This is part 2 of a series on the above article. In this post, we will begin looking at the stimulant class of drugs. Stimulants include: cocaine/crack, amphetamines; 3,4-metylene (amphetamine substitute); Ecstasy, ephedrine (famously in weight loss drugs), phenylpropanolamine (from cough/cold medicine), and methylphenidate (more commonly known as Ritalin). I had to look those chemical names up as I had no idea what those were. At the cellular level, these drugs “enhance transmission at the catecholaminergic (including dopaminergic) synapses and share some common pharmacological effects and adverse effects in excess.”
Clinically, this looks like “elation and increased alertness, with increased motor activity in the short and longer term (increased endurance)…. tremor, myoclonus [including tics, dystonias and choreas], [central rigidity, muscular vascoconstriction] and seizures (can be prolonged and fatal)…. the neuropsychiatric manifestations include restlessness, irritability, violence, and a psychotic state, which is often paranoid.” The vitals will also show the drugs in elevated temperature and blood pressure and cardiac arrhythmias. Suddenly stopping taking these drugs, like will happen when admitted acutely into the hospital, is not life threatening. But you’ll see “disturbances of sleep, low mood and anxiety, and a craving for the drug.” Rhabdomyolysis sometimes also occurs “in the more sick patients,” particularly with cocaine as it seems to have a direct toxic effect on skeletal muscles as well as in Ecstasy. Long term cocaine abusers will show cognitive deficits, brain atrophy (deterioration) which can persist even after quitting. Long term amphetamine abusers (and to a lesser degree the cocaine abusers as well) have psychosis with visual and auditory hallucinations and paranoia.
Stroke is the most common neurological condition superimposed on illicit stimulant drug users. In typical cocaine users, the stroke will occur within an hour of ingesting, most likely within 3 hours after ingesting, but could happen anytime in the next few days. This is due to the cardiac effects of the drugs– vasoconstriction, vasospasm– creating high blood pressure and a hemorrhagic stroke. Hemorrhages are more common in those that snort or inject cocaine. Chronic cocaine abusers are more likely to get a stroke, especially when they have consumed alcohol along with the stimulant. The spasms can also cause a thrombis to dislodge somewhere distant in the circulatory system causing a thrombitic stroke. The thrombitic stroke is more common in cocaine smokers. Amphetamine abusers will have their strokes within the first few hours after ingestion, “presenting with headache, an evolving focal deficit and impaired conscious level.” Hemorrhagic strokes are more common, but thombitic are more common with smoking crystal meth. Again, vasospasm is the culprit here.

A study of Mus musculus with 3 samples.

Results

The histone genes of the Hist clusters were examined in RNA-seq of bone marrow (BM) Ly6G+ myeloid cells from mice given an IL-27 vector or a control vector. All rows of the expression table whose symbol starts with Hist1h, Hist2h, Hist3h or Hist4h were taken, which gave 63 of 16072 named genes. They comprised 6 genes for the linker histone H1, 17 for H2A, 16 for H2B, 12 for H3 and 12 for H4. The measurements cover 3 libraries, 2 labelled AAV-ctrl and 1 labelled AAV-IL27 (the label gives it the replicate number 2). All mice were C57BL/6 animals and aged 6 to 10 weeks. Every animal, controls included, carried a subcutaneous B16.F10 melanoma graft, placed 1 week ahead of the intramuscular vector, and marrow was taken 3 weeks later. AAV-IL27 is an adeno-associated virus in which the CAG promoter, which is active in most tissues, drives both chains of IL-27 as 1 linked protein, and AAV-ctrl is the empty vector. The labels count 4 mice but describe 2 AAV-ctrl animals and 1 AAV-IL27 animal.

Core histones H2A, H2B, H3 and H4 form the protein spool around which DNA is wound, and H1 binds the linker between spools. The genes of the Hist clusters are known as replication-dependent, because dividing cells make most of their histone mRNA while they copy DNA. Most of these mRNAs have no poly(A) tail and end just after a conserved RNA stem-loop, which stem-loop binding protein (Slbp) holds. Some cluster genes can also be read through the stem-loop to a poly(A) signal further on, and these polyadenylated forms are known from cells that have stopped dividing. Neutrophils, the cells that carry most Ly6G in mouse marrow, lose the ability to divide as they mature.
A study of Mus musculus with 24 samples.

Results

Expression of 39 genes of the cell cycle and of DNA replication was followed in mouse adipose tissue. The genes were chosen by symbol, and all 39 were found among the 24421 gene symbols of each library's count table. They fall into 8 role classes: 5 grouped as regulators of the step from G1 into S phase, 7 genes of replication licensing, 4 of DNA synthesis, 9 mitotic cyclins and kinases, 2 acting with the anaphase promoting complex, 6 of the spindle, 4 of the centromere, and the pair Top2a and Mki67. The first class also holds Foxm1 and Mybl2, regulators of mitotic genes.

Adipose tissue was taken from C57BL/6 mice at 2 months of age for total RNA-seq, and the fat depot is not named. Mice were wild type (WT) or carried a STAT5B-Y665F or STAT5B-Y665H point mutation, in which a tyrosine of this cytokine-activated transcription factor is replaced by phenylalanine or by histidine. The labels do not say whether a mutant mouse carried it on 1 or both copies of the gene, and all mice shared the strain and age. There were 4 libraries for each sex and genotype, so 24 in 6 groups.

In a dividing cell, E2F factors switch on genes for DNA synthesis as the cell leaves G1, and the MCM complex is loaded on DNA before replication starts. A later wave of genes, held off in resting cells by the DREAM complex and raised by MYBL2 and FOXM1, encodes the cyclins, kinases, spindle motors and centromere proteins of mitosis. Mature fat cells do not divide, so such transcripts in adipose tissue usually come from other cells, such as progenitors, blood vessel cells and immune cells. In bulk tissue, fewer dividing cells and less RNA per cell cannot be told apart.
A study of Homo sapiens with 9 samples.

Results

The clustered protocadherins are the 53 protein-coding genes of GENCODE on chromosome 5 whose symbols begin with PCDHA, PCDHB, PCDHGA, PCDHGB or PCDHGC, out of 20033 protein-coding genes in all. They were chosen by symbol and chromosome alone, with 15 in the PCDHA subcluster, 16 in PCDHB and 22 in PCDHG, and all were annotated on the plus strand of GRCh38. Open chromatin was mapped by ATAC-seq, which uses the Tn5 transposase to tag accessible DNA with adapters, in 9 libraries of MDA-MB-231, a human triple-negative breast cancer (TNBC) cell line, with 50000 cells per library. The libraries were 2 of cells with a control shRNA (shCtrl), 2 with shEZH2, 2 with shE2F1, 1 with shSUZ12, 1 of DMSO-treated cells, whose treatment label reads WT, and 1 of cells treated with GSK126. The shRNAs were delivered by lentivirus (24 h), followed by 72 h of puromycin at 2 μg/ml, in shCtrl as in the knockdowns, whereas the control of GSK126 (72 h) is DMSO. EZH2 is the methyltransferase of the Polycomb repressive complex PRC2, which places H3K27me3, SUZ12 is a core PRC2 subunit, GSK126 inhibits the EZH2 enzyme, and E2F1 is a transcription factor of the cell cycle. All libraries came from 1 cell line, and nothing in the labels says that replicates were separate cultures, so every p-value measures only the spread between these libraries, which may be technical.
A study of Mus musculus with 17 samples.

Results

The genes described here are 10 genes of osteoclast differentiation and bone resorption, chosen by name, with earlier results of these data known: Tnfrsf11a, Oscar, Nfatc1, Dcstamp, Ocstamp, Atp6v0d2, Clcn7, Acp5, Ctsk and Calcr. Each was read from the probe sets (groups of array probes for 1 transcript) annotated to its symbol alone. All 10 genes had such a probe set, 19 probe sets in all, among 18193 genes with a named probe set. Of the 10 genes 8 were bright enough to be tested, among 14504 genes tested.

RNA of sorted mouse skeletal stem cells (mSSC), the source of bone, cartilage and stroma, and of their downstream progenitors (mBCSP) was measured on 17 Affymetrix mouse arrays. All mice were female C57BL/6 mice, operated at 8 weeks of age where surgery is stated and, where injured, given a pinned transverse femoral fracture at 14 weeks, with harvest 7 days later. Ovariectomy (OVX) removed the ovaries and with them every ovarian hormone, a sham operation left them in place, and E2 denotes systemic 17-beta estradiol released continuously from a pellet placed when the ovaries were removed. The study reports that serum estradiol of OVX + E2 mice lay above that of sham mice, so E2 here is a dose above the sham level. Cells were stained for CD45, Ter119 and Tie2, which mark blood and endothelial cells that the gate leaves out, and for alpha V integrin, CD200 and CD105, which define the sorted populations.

The amphetamine users are also most likely to have a vasculitis type presentation, which is “a more diffuse neurological picture, often with subacute progressive time course, including headache, encephalopathy and/or bilateral clinical and radiological abnormalities (often [ischemic] as well as [hemorrhagic].”
The other stimulants are made to mimic amphetamine and have many of the same clinical features as mentioned above. There are a few differences, however. “Ecstasy […] has a hallucinogenic effect at low doses, but at higher doses has amphetamine-like stimulant effects. Toxicity may present with [fever], seizures, [low tone], and coma leading to rhabdomyolysis and/or death.” Phenylpropanolamine, pseudoephedrine (nasal decongestants and appetite suppressants) and ephedrine show an increased risk of hemorrhagic stroke. Ephedra alkaloids (in some Chinese herbal medicines) are associated with hemorrhagic strokes and seizures. Methylphenidate (Ritalin) can cause seizures and hemorrhagic strokes.
Those stimulants can be nasty! Stay tuned for the next episode on sedatives!